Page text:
Welsh County New Leader in Recycling Carbon Index
Welsh County Merthyr Tydfil County Borough Council has topped our Recycling Carbon Index for being the best recycler in England, Wales and Northern Ireland in terms of the greenhouse gas emissions saved through its efforts in 2017/18.
This year’s Recycling Carbon Index shows that council recycling schemes in England, Wales and Northern Ireland saved just over 4 million tonnes of CO2 emissions, the equivalent to taking over 3 million cars off the road in the UK.
The index uses the most up-to-date waste data available to calculate the quantity of CO2 emissions each local authority is saving through their recycling collections. This allows local authorities to compare their performance and share best practice. Improving recycling services to increase the carbon savings being made across the UK will become ever more crucial in the years to come, as the UK strives to reach a net zero emissions target. The Intergovernmental Panel on Climate Change (IPCC)’s 2018 report reiterated the importance of reducing levels of carbon emissions to help limit global warming to 1.5 degrees centigrade.
The winners, Merthyr Tydfil, switched to multi-stream collections with separate food waste and reduced the size of its residual waste bins in 2015. The changes have resulted in the most effective collection service for reducing CO2 emissions across England, Wales and Northern Ireland, with savings of 117kg of CO2 per person. Bridgend, another Welsh authority, came second with 114kg per person. Bridgend was also the most improved authority, with an increase of 19kg of carbon saved per person compared with its performance in 2016/17.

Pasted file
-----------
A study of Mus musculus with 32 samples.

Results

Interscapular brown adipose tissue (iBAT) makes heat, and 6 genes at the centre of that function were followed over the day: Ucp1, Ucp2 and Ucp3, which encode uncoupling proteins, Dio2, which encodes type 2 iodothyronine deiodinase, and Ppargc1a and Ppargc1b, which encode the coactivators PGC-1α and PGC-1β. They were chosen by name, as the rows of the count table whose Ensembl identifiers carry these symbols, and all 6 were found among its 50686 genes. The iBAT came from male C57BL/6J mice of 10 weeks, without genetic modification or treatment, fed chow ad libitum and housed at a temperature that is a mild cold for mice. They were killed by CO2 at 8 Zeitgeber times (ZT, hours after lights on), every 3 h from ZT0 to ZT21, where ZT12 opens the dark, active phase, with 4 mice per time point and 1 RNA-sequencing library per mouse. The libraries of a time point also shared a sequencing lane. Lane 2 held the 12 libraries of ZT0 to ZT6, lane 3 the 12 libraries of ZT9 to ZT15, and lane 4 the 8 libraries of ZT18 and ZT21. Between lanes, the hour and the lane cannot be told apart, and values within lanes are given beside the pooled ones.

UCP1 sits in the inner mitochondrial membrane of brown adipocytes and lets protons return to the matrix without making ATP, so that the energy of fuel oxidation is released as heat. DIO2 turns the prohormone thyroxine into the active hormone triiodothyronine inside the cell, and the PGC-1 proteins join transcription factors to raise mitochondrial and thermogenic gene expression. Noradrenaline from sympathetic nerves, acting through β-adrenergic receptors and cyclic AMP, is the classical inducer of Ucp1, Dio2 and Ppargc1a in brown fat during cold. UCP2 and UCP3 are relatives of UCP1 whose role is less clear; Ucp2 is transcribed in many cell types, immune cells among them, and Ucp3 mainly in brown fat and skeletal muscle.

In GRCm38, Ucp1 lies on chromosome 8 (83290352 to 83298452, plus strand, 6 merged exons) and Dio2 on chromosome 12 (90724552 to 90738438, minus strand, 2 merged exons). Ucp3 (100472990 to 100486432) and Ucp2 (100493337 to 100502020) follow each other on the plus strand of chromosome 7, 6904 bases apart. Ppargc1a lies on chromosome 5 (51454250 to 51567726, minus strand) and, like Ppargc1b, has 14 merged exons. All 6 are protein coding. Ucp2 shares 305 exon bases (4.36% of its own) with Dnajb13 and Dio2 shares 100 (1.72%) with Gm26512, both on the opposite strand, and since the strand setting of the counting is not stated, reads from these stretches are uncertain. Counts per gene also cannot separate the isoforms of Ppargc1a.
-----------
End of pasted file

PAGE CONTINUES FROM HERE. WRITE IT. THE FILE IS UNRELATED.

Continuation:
Our Principal Consultant Peter Jones, who authored the commentary that accompanies the index, said:
“Merthyr Tydfil’s performance improvement in the last year is considerable, and it’s a testament to the hard work of the council and local residents that it’s leading to such substantial environmental benefits. Welsh authorities have led the Carbon Index for several years, thanks to the challenging targets set by the Welsh Government and the support it has provided to councils.”
Of the three countries in the index, Northern Ireland had the biggest percentage improvement in 2017/18, with an 8.4% increase in the tonnage-based recycling rate bringing them to 48.1% overall. This was reflected in an increase in carbon savings of 3.2kg per person. Both England and Wales saw small decreases in their emissions performance, with average CO2 savings per person dropping by 0.7kg and 0.2 kg, respectively. On average, people in Wales now save 93kg of CO2 per year through recycling, compared with 79kg in Northern Ireland and 69kg in England.
A recent Defra consultation on harmonising waste services suggested that a carbon-based metric might be adopted for local authorities in England. Our Recycling Carbon Index provides the basis for such a metric. It calculates the amount of carbon dioxide emissions that are prevented as a result of local residents’ recycling efforts. Recycling saves greenhouse gas emissions because it avoids waste being sent to rot in landfill or burned in an incinerator – and it reduces the need for energy-intensive extraction of raw materials.
Picture: Municipal recycling in England, Wales and N. Ireland reduced CO2 emissions by 4,029,415 tonnes equal to taking 3,222,323 cars off the road in the UK or 715,704 return flights from London to Sydney. Graphic from the Recycling Carbon Index 2017 -2018.